Discovery – It Shouldn’t Be Surprising That…



Consider the typical process for assessing a new sales or presales candidate:

– We review their resume and cover letter (note: people are perfect twice in their lives – at birth and on their resumes!). It is very rare that anyone claims to be proficient in doing Discovery as a resume “bullet”.

– Next, we bring promising candidates in for an interview, in which we ask many questions about them and allow them some questions about us and our organization – this is typically as deep that our evaluation of their Discovery skills ever goes – a handful of questions about the position, responsibilities, objectives, the company, etc.

– Candidates that survive an initial interview are often invited back to deliver a 30-60 minute presentation (on a topic of their choice) – we want to make sure that they have sufficient presentation skills, since it is an important skill for their role.

After a discussion with their references, we make a final decision, draft an offer letter and, once accepted, welcome the new hire on board.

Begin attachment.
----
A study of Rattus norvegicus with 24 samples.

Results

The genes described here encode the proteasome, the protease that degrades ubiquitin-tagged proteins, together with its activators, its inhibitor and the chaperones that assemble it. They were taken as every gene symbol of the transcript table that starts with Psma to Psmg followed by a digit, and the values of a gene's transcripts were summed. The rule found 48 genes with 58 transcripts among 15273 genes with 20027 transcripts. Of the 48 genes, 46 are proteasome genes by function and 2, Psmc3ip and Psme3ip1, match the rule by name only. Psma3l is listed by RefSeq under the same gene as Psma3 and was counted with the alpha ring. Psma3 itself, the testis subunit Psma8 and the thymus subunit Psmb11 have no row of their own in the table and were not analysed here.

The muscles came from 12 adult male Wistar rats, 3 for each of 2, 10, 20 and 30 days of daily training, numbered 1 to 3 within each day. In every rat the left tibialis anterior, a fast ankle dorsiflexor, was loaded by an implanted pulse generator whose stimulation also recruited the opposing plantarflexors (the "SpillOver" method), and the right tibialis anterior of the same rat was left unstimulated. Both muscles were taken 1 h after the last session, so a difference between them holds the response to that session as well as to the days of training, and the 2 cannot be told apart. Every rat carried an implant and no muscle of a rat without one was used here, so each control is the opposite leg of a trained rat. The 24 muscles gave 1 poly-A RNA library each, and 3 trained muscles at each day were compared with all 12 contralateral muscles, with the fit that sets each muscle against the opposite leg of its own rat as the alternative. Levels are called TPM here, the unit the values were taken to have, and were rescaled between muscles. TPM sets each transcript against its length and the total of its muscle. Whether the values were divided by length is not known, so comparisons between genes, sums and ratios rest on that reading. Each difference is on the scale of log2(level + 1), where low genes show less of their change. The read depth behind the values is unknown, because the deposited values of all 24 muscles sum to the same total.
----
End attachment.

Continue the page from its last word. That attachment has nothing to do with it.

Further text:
Our assessment of candidates’ Discovery skills was limited to a few questions, mostly about the job and related topics. We never really explored candidates’ ability to execute real Discovery. We are much better at assessing candidates’ abilities to tell than to ask!

Here’s a recommendation:

For candidates that survive the interview (and presentation, if desired), invite the candidate(s) back to perform a Discovery session with you as the customer. Let the candidate use their current company/offerings as the basis (and candidates can tell you what role you should play in terms of job title and other situational information). This provides you with a direct method of evaluating their Discovery skills and methods, giving you much clearer insight into how each candidate may perform when working with real customers.

If you feel that strong Discovery skills are an essential part of your team members’ toolkit, then consider including a critical review of these skills during the interview process. [Note: if you have existing team members whose Discovery skills are less than desired, that’s where I may be able to help!]

Republished with author's permission from original post.

Peter Cohan
Have you ever seen a bad software demonstration? Peter Cohan is the founder and principal of Great Demo!, focused on helping software organizations improve the success rates of their demos. He authored Great Demo! - how to prepare and deliver surprisingly compelling software demonstrations. Peter has experience as an individual contributor, manager and senior management in marketing, sales, and business development. He has also been, and continues to be, a customer.